The Canadian federal election largely confirmed the Liberal Party's longstanding dominance of Canadian politics. With a total of 301 seats in the federal Parliament, the Liberals (led by Jean Chretien) won a large majority of 173 seats, with 100 seats from Ontario (out of a total of 103 seats available), 37 seats from Quebec, 19 seats from the Maritimes, and 17 from Western Canada. The center-right Canadian Alliance (led by Stockwell Day) won 64 of the 91 seats available in Western Canada, and also 2 seats in Ontario. The separatist Bloc Quebecois (led by Gilles Duceppe) won 37 of 75 seats available in Quebec. The New Democratic Party, Canada's social democrats (led by Alexa McDonough) won 13 seats, 4 of them from the Maritimes, 8 from Western Canada, and 1 in Ontario. The 'ultra-moderate' federal Progressive Conservatives (led by Joe Clark) won 12 seats, 9 of them from the Maritimes. (Numbers as reported on November 28.) These voting patterns could indicate that the four main regions of Canada - Western Canada, Ontario, Quebec, and the Maritimes, may already be seen in many ways as 'distinct societies'.
Immigration issues had little salience, except negatively. An Alliance candidate's 'Asian invasion' comments significantly hurt Stockwell Day's campaign - only ratcheting up the ever- continuing accusations of 'intolerance', 'bigotry', and 'racism' (although that candidate almost immediately withdrew from the election).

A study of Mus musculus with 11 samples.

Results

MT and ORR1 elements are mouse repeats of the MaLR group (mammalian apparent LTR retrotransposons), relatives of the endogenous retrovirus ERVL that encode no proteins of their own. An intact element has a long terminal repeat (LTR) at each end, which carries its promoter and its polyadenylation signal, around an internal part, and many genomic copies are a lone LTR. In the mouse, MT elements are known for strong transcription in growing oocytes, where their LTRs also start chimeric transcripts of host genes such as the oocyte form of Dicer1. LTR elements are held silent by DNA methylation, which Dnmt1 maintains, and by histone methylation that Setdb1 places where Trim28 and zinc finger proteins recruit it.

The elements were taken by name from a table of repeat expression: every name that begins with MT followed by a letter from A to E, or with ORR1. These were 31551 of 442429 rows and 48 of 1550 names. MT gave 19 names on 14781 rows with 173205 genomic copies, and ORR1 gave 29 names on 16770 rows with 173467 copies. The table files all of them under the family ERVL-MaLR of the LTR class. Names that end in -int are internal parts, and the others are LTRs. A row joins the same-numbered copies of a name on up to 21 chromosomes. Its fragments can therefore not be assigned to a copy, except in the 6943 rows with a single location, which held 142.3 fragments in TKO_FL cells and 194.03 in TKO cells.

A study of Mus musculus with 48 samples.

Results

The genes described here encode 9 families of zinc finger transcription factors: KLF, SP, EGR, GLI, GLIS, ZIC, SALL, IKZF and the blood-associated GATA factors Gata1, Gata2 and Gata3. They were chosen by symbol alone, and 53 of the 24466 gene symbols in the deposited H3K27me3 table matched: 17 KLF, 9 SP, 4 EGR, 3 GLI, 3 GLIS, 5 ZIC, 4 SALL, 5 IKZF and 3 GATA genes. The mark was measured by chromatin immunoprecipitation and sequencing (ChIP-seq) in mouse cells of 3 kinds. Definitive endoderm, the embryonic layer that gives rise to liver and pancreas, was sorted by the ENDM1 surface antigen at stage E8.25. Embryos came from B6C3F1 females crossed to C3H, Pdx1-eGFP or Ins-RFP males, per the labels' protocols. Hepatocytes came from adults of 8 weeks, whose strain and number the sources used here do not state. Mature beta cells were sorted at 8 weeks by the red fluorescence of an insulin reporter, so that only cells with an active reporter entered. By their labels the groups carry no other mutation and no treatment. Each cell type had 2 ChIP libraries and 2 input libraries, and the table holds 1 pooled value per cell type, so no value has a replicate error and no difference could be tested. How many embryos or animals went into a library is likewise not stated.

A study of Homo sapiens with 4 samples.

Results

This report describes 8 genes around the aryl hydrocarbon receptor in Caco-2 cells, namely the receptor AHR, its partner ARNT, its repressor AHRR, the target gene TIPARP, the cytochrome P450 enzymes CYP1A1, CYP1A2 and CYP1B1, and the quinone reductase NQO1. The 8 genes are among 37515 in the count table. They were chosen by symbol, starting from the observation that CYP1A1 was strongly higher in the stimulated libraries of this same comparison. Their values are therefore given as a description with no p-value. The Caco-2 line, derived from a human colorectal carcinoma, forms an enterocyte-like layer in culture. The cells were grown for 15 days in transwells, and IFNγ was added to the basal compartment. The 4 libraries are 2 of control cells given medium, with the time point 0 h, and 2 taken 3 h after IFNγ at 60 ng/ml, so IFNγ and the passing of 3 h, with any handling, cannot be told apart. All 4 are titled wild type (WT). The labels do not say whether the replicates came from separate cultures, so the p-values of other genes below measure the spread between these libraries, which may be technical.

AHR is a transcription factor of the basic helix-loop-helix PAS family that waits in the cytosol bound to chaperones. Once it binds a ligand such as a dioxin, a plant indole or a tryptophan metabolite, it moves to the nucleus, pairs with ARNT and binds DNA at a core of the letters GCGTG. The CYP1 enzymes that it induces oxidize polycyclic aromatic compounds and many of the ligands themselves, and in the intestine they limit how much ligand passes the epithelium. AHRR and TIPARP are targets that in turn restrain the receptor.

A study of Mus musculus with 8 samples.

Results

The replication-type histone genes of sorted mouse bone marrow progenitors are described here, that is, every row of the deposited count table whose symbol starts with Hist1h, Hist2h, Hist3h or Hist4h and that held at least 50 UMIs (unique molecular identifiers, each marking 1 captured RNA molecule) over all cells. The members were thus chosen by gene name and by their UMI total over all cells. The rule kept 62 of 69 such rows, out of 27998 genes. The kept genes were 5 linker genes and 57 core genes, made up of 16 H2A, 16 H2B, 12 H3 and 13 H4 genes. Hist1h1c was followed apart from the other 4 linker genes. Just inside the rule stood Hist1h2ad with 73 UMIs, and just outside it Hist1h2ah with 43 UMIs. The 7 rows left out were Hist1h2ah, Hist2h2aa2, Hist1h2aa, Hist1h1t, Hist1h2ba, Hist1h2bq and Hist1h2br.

Given the left-liberal dominance in the Canadian media, in the education system (from daycare to universities), in the judiciary and justice system, in the government bureaucracies, in so-called high culture (typified by government-subsidized 'CanLit'), in North American pop-culture and 'youth culture,' in the big Canadian banks and corporations, and in the leaderships of the main churches, any existing 'small- c conservative' tendencies are being continually ground down. There is also the panoply of special interest groups, who receive extensive government and some corporate funding. Even as elections come and go, the long-term trend is towards the ever- intensifying undermining of conservative and traditionalist impulses in Canada.
An election today is really a 'management problem' for left-liberals - of how to assure, by any means necessary, the 'anointing' into power of a preferred, center-left party. Such a center-left party has to be commonly perceived as moderate enough to attract a large portion of the general vote, but at the same time must uphold substantive elements of left- liberalism, notably in social and cultural areas. In the last decade, left-liberalism has become far more willing to concede some fiscal and economic issues to the 'managerial Right' - while continuing a ferocious struggle against small-c conservatism or social conservatism. They also try to maintain, as far as possible, eviscerated, pseudo-conservative parties as the 'official' Right (such as the federal Progressive Conservatives in Canada) to absorb or fragment the right-wing vote.
What can be seen is that the left-liberal attacks on notions of traditional nation, family, and religion, on the work-ethic, and on strict law and order, only grow more intense, even as these notions become increasingly attenuated in society. Perhaps the only thing that can challenge such ever- intensifying attacks is a profound chastisement of the center-left parties at the ballot box, by a substantively conservative party, that will actually try to govern in an 'activist', 'transformative' fashion. However, given the left- liberal dominance in so many social and cultural areas, the election of a substantively conservative government at the federal level in Canada, may indeed be possible to be perpetually stymied. In such a case, ideas of maximal regional devolution may become more salient in Canada.